Harrisburg, Pa., faces a revenue gap next year of $6 million less than what state receivers projected in the city's 2013 recovery plan. Mayor Eric Papenfuse said Tuesday.
Estimates were essentially too optimistic for both the earned income tax and new parking revenues, according to the mayor.
"Yes, hundreds of millions of dollars in long-term debt was triumphantly wiped from the city's books. But unfortunately, years of irregular city accounting masked a long-standing structural deficit that was years in the making, and far more insidious than the receiver's team realized," Papenfuse said in his state of the city address at the Harrisburg Hilton.
The $6 million represents 10% of Harrisburg's adjusted budget for 2015.
Papenfuse, who took office in January 2014, called for tripling the local services tax from $1 per week to $3, which he said would bring in $4 million annually.
Recent changes in Pennsylvania's law governing the Act 47 workout program for distressed municipalities, which the state Department of Community and Economic Development oversees, enable cities to request the court for an increase in that tax.
Papenfuse also wants to expand sanitation operations, the one revenue source for which the city is out-performing expectations.
"The sanitation fund, if carefully managed, can even serve as a low-interest means of lending to the general fund, which will help the city become ever more self-sufficient in the future," he said.
In addition, Papenfuse will push for home rule. Next year, he said, he will introduce an ordinance in the City Council calling for a ballot question of establishing a government study commission.
"We need to transfer basic authority back from the state to the municipality. It will take time but the discussion must start now - because, ultimately, home rule is Harrisburg's only real way out of Act 47," he said.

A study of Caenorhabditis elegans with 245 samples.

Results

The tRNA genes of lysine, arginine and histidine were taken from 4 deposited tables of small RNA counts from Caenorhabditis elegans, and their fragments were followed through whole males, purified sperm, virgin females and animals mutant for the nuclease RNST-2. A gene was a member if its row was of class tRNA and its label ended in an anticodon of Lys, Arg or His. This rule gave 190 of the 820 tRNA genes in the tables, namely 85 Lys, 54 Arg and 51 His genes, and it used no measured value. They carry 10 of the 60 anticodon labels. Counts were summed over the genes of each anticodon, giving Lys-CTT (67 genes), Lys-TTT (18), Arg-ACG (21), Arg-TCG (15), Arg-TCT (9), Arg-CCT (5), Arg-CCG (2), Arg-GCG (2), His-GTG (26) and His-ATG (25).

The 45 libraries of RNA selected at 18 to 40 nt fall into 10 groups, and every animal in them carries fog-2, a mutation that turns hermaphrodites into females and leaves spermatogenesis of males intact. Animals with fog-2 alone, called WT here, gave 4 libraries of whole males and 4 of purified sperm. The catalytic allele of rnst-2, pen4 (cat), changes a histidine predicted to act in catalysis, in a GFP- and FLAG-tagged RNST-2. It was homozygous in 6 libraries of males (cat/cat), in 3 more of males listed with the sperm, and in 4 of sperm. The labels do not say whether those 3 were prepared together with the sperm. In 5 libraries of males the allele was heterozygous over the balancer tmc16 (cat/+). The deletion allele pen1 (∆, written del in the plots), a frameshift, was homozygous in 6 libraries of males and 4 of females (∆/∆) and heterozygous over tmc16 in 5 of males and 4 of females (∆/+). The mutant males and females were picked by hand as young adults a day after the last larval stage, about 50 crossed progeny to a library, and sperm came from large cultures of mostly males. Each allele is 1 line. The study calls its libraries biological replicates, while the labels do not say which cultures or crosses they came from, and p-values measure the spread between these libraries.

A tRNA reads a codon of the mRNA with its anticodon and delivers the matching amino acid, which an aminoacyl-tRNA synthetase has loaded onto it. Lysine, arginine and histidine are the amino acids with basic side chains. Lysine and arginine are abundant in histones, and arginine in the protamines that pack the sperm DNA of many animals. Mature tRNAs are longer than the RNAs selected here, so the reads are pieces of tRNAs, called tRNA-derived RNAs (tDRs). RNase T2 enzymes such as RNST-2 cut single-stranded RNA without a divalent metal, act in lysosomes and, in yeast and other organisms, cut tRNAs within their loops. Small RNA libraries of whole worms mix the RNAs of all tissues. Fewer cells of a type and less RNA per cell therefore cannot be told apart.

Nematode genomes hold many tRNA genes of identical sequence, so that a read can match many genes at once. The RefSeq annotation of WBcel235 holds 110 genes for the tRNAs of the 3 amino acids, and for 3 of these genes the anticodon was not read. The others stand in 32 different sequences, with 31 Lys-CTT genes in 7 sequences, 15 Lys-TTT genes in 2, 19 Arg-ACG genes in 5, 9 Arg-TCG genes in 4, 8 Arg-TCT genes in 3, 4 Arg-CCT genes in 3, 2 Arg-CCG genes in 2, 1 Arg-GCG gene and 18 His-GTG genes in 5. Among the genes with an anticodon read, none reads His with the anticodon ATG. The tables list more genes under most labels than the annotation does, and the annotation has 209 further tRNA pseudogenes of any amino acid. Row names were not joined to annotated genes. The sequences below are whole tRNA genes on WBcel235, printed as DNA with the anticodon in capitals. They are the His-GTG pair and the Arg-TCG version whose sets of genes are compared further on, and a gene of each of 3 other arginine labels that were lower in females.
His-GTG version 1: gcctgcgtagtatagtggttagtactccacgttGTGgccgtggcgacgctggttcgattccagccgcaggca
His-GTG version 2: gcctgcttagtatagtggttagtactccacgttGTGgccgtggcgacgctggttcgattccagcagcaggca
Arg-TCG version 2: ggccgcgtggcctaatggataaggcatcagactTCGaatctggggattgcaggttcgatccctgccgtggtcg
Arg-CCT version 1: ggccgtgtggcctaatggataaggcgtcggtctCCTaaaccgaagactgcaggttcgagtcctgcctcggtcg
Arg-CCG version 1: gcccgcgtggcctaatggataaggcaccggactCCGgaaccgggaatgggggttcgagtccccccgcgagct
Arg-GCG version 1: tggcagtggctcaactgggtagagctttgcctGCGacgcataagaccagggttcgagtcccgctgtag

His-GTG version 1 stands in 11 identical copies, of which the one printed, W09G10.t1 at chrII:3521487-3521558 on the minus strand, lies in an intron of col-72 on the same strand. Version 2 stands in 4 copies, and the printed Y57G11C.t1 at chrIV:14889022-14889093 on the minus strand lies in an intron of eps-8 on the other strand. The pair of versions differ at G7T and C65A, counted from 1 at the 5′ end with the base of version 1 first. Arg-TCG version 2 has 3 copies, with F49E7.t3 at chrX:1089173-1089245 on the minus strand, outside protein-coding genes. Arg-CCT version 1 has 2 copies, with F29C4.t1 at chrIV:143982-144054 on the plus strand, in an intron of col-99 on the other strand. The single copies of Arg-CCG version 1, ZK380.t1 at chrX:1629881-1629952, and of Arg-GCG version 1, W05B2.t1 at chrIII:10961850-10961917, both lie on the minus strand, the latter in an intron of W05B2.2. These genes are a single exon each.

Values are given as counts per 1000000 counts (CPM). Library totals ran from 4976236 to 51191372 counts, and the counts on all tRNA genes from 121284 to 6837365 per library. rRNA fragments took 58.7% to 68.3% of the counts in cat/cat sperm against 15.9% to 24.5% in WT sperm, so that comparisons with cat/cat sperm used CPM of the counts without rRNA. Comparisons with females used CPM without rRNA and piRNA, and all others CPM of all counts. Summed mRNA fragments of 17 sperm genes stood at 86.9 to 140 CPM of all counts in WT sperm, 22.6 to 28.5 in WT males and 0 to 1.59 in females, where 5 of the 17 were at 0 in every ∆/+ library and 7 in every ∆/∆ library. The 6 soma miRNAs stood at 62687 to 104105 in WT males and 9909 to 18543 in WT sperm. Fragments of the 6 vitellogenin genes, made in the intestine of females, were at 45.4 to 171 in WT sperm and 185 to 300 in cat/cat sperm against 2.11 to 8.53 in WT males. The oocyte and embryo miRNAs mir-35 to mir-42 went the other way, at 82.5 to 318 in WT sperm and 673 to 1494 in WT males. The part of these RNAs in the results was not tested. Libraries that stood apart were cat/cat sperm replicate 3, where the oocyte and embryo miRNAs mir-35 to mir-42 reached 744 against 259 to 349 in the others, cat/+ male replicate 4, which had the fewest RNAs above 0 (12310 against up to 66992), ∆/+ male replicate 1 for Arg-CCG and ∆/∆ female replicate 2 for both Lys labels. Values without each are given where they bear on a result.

In September 2013, the Commonwealth Court of Pennsylvania approved the so-called Harrisburg Strong plan, crafted by an advisory team led by retired Air Force General William Lynch. It erased about $600 million of debt - largely tied to an incinerator retrofit bond financing fiasco that began as a $25 million borrowing -- and spared the 49,000-population city from bankruptcy.
Then plan hinged on the sale of the city incinerator to the Lancaster County Solid Waste Management Authority, long-term lease of parking assets and concessions from major creditors, including Assured Guaranty Municipal Corp. and Dauphin County. It also called for four years of balanced budgets.
Papenfuse in January signed off on a restructuring agreement for a separate debt, related to the 12-story downtown building known as the Verizon Tower.
While he reiterated his opposition to the deal, Papenfuse said the consequences of not signing it would be worse for the city. The mayor called for an investigation into the 1998 bond transaction that straddled the capital city with nearly $42 million of debt service on a $6.9 million borrowing.
Pennsylvania last month issued a request for proposals to hire a law firm to claw back money from incinerator financing participants. In July, state Attorney General Kathleen Kane's office indicted Stephen Reed, Harrisburg's mayor from 1982 to 2009, announcing 17 counts and 499 charges against Reed related to his financial dealings while in office.
A Montgomery County grand jury in August indicted Kane herself for leaking grand jury information to a newspaper and lying about it under oath.